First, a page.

There’s an international flavor kicking off this week’s Forest Digest. Check it out!
- “US and China reach historic climate change deal, vow to cut emissions” — CNN
U.S. President Barack Obama and Chinese President Xi Jinping announced both countries will curb their greenhouse gas emissions over the next two decades. Under this agreement, the U.S. would cut its 2005 level of carbon emissions by 26-28 percent before the year 2025. China would peak its carbon emissions by 2030 and will also aim to get 20 percent of its energy from zero-carbon emission sources by the same year. The Center for Climate and Energy Solutions said the joint announcement is “an extremely hopeful sign” and will help get other countries on board.
- “Obama, Putin plant trees at APEC summit” — The Washington Post
Heads of state from the 21 Asia-Pacific Economic Cooperation (APEC) member economies, including the U.S., Russia and China, attended a tree planting ceremony on Tuesday in Beijing. The symbolic presentation demonstrates each countries’ willingness to take the next step to work together on global environmental issues.
- “Peru’s forests store more CO2 than US emits in a year, research shows “ — The Guardian
New research shows Peru, the most accurately carbon-mapped country in the world, stores nearly seven billion metric tons of carbon stocks, which is more than U.S. carbon emissions in 2013, calculated at 5.38 billion tons. Most of Peru’s carbon storage occurs in its Amazon rainforest, the second-largest area of Amazon rainforest after Brazil.
- “Protecting native forests more valuable than logging” — Phys.org
New research has found mountain ash forests provide more value to the community and the global climate when protected and not logged. Known as ecosystem services, the results from research scientists at the Australian National University, show that protecting forests by ending logging could double the amount of carbon stored in trees. Scientific evidence also shows that natural disasters such as bushfires do not have as great an impact on carbon storage as harvesting the forest. These results are being presented at the World Parks Congress in Sydney this week.
- “Tree diseases can help forests: What’s bad for a seedling can be good for biodiversity” — Phys.org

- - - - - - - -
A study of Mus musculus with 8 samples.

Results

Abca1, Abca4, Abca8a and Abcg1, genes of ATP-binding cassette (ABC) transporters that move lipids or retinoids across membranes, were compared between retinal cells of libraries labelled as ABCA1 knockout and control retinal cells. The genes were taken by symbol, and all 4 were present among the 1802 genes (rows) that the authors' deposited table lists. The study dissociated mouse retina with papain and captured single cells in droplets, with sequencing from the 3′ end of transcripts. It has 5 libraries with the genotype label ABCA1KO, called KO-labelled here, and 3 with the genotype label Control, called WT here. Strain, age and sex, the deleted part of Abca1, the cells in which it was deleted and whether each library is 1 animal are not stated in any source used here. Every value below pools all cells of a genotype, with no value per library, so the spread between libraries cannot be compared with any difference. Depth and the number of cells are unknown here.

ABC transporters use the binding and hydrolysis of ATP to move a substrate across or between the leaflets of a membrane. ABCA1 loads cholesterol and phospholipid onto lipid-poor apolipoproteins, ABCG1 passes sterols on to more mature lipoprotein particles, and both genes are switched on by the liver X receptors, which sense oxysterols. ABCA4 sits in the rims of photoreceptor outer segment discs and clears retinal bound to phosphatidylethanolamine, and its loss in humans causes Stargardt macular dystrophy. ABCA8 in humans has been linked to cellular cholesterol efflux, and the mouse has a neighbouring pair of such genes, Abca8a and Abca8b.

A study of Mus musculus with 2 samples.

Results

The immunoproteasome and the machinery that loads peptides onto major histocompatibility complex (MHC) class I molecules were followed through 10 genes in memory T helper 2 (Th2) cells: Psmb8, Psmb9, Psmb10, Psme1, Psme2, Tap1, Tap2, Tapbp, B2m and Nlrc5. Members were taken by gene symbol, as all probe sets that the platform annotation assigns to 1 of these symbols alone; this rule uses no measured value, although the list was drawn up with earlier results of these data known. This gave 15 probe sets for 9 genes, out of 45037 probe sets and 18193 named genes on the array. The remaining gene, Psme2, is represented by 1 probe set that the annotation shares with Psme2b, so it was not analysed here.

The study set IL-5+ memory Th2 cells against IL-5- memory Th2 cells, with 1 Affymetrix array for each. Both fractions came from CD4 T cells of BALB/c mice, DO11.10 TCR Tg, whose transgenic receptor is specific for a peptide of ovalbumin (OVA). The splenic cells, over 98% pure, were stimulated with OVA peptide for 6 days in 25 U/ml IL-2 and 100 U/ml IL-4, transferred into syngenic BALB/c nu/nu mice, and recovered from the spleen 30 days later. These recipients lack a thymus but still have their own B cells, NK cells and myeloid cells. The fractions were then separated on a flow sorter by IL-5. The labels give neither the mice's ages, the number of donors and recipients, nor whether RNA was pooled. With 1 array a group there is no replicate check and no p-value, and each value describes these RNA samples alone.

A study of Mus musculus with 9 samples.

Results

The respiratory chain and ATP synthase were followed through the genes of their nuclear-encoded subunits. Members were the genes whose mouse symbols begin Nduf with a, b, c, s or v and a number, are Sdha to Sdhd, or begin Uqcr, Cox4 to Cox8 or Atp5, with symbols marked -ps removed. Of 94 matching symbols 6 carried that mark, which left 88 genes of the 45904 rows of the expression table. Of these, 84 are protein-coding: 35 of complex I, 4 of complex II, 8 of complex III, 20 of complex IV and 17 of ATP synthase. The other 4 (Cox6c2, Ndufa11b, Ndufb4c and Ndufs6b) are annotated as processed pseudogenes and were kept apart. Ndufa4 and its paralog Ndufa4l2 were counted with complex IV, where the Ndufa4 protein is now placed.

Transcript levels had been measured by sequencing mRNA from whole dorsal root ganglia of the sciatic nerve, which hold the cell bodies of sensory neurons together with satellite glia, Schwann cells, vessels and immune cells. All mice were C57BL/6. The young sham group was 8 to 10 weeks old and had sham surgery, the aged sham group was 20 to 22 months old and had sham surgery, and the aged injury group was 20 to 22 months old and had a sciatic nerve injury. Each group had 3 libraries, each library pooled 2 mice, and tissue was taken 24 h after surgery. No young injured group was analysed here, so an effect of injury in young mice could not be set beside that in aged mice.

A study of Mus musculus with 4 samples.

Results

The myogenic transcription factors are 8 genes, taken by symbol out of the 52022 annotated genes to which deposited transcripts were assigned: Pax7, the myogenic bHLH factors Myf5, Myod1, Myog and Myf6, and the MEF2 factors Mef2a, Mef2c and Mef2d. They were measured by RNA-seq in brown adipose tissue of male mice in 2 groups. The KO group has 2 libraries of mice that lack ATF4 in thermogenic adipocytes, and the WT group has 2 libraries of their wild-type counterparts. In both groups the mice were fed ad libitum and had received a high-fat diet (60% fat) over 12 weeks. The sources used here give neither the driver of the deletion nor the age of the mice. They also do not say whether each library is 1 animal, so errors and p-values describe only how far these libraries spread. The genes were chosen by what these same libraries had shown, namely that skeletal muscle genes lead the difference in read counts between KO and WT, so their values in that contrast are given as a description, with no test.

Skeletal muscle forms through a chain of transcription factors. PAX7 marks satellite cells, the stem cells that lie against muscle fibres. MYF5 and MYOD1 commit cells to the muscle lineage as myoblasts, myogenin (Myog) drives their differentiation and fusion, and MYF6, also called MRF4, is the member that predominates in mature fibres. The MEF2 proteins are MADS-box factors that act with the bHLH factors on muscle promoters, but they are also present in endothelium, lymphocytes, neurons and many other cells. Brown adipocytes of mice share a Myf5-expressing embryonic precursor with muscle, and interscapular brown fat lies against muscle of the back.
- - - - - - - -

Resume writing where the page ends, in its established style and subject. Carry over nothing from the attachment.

University of Utah biologists found that pathogens that kill tree seedlings actually can make forests more diverse. Because seedlings of disease-sensitive tree species cannot survive in the wetter forests and drought-sensitive tree species cannot survive in the drier forests, different tree species inhabit the wetter and drier forests even though they are only 30 miles apart. In other words, tree pathogens contribute to the staggering diversity of trees in tropical forests.
- “Seeing the forest for the trees: H.J. Andrews Experimental Forest” — The Daily Barometer
Deep within the Willamette National Forest, researchers are changing the way forest ecology is understood and how forests are managed. The H.J. Andrews Experimental Forest is one of 80 experimental forests in the U.S., but one of only six Long-Term Ecology Research (LTER) sites in the nation. LTER sites are funded by the National Science Foundation. Sherri Johnson, a courtesy assistant research professor at Oregon State University and an ecologist for the U.S. Forest Service, states that the forest is special because you do not have to worry about logging and the effects of human activity.
- “Birch Water: Why This Health Drink Will Be Taking Over From Coconut Water In 2015” — Huffington Post UK
The trees in your local park could be the key to solving all your health and beauty problems. Birch extract has been used as an herbal remedy for centuries throughout the world. Many claim it to provide a plethora of health benefits, such as the aid for kidney function, reducing cholesterol and eliminating cellulite.